Two new articles about parenting came out yesterday, verifying my suspicions about workaholic parents and dirt. The first, from England, details a study that looks at childhood well-being. The headline, Selfish adults 'damage childhood' pretty much says it all:
The aggressive pursuit of personal success by adults is now the greatest threat to British children, a major independent report on childhood says. It calls for a sea-change in social attitudes and policies to counter the damage done to children by society. Family break-up, unprincipled advertising, too much competition in education and income inequality are mentioned as big contributing factors.The report itself is not likely to be popular, as it points out the detrimental effects that divorce, two working parents, and too much competition in education have on kids. The report's recommendations are interesting:
- a civil birth ceremony conducted by a registrar in which parents publicly accept the responsibilities of parenthood
- free parenting classes available around the time of birth
- free psychological and family support if relationships struggle
- rules making it easier for parents to stay at home to rear their children
- abolishing sats tests and league tables in English schools
- a ban on all advertising aimed at the under 12s and no TV commercials for alcohol or unhealthy food before the 9pm watershed
- stopping building on any open space where children play
- a high-quality youth centre for every 5,000 young people
This brings us to the second article, sent to me yesterday by Liz. I'm sure she was thinking of the low cost play space she and Shelagh enjoyed when they were young. We had a sandy bank in the yard, and if they begged Dad, he would bring over a shovel and loosen the sand to make a pile to play in and a hole to excavate. The "dirt pile" was a major draw in our yard; kids would get a glimpse of the dirt pile from the back seat and they were all over it, down on their knees and getting dirty before anyone could say no. Often there was a dog or a chicken helping to dig, that's how the they came up with the summer "Chicken Circus" in which chickens would ride on bike handle bars and "fly" though hula-hoops.
I'm sure some readers are clucking to themselves at the unsanitaryness of all this. The article Liz sent, Babies Know: A Little Dirt Is Good for You is provocative, but it might gross you out:
Ask mothers why babies are constantly picking things up from the floor or ground and putting them in their mouths, and chances are they’ll say that it’s instinctive — that that’s how babies explore the world. But why the mouth, when sight, hearing, touch and even scent are far better at identifying things?I must admit that it's kind of fun to hear the "ultraclean environment" moms getting scolded for once. They should give up some cleaning and volunteer a little more.
When my young sons were exploring the streets of Brooklyn, I couldn’t help but wonder how good crushed rock or dried dog droppings could taste when delicious mashed potatoes were routinely rejected.
Since all instinctive behaviors have an evolutionary advantage or they would not have been retained for millions of years, chances are that this one too has helped us survive as a species. And, indeed, accumulating evidence strongly suggests that eating dirt is good for you.......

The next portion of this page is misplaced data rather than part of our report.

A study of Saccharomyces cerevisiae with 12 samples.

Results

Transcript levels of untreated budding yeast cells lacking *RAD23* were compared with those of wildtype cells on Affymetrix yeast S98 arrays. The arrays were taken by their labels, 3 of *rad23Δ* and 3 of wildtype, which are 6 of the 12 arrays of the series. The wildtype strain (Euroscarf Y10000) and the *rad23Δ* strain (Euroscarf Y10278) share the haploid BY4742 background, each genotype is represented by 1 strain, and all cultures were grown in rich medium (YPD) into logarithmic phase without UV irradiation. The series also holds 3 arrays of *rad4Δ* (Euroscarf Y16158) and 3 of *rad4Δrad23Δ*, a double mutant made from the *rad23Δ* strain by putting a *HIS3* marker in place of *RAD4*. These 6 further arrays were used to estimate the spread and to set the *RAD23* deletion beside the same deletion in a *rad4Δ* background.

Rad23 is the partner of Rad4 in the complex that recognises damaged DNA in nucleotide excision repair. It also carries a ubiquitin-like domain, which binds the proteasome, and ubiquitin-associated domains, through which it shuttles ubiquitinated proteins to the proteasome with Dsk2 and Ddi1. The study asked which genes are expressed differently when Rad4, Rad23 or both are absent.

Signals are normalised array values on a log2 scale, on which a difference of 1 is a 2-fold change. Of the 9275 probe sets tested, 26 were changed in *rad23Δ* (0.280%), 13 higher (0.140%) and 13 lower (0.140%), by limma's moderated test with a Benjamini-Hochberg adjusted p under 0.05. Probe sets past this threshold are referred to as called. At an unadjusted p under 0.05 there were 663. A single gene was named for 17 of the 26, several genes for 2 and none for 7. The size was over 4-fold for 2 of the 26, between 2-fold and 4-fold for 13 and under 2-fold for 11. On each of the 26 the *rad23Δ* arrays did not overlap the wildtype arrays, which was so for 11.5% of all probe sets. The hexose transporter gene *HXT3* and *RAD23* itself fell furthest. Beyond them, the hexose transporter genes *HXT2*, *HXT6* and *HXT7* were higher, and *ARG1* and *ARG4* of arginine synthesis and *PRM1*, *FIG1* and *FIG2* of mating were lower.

.....“What a child is doing when he puts things in his mouth is allowing his immune response to explore his environment,” Mary Ruebush, a microbiology and immunology instructor, wrote in her new book, “Why Dirt Is Good” (Kaplan). “Not only does this allow for ‘practice’ of immune responses, which will be necessary for protection, but it also plays a critical role in teaching the immature immune response what is best ignored.”
One leading researcher, Dr. Joel V. Weinstock, the director of gastroenterology and hepatology at Tufts Medical Center in Boston, said in an interview that the immune system at birth “is like an unprogrammed computer. It needs instruction.”
He said that public health measures like cleaning up contaminated water and food have saved the lives of countless children, but they “also eliminated exposure to many organisms that are probably good for us.”
“Children raised in an ultraclean environment,” he added, “are not being exposed to organisms that help them develop appropriate immune regulatory circuits.”
The idea that being infected with intestinal worms conveys an immunity to disease is really new:
Immunologists now recognize a four-point response system of helper T cells: Th 1, Th 2, Th 17 and regulatory T cells. Th 1 inhibits Th 2 and Th 17; Th 2 inhibits Th 1 and Th 17; and regulatory T cells inhibit all three, Dr. Elliott said.In the end, we weren't going to keep all of those germs out of the baby's mouth, anyway. It's nice to know that letting them out of the car seat and into the dirt was what they really needed all along.
“A lot of inflammatory diseases — multiple sclerosis, Crohn’s disease, ulcerative colitis and asthma — are due to the activity of Th 17,” he explained. “If you infect mice with worms, Th 17 drops dramatically, and the activity of regulatory T cells is augmented.”
In answer to the question, “Are we too clean?” Dr. Elliott said: “Dirtiness comes with a price. But cleanliness comes with a price, too. We’re not proposing a return to the germ-filled environment of the 1850s. But if we properly understand how organisms in the environment protect us, maybe we can give a vaccine or mimic their effects with some innocuous stimulus.”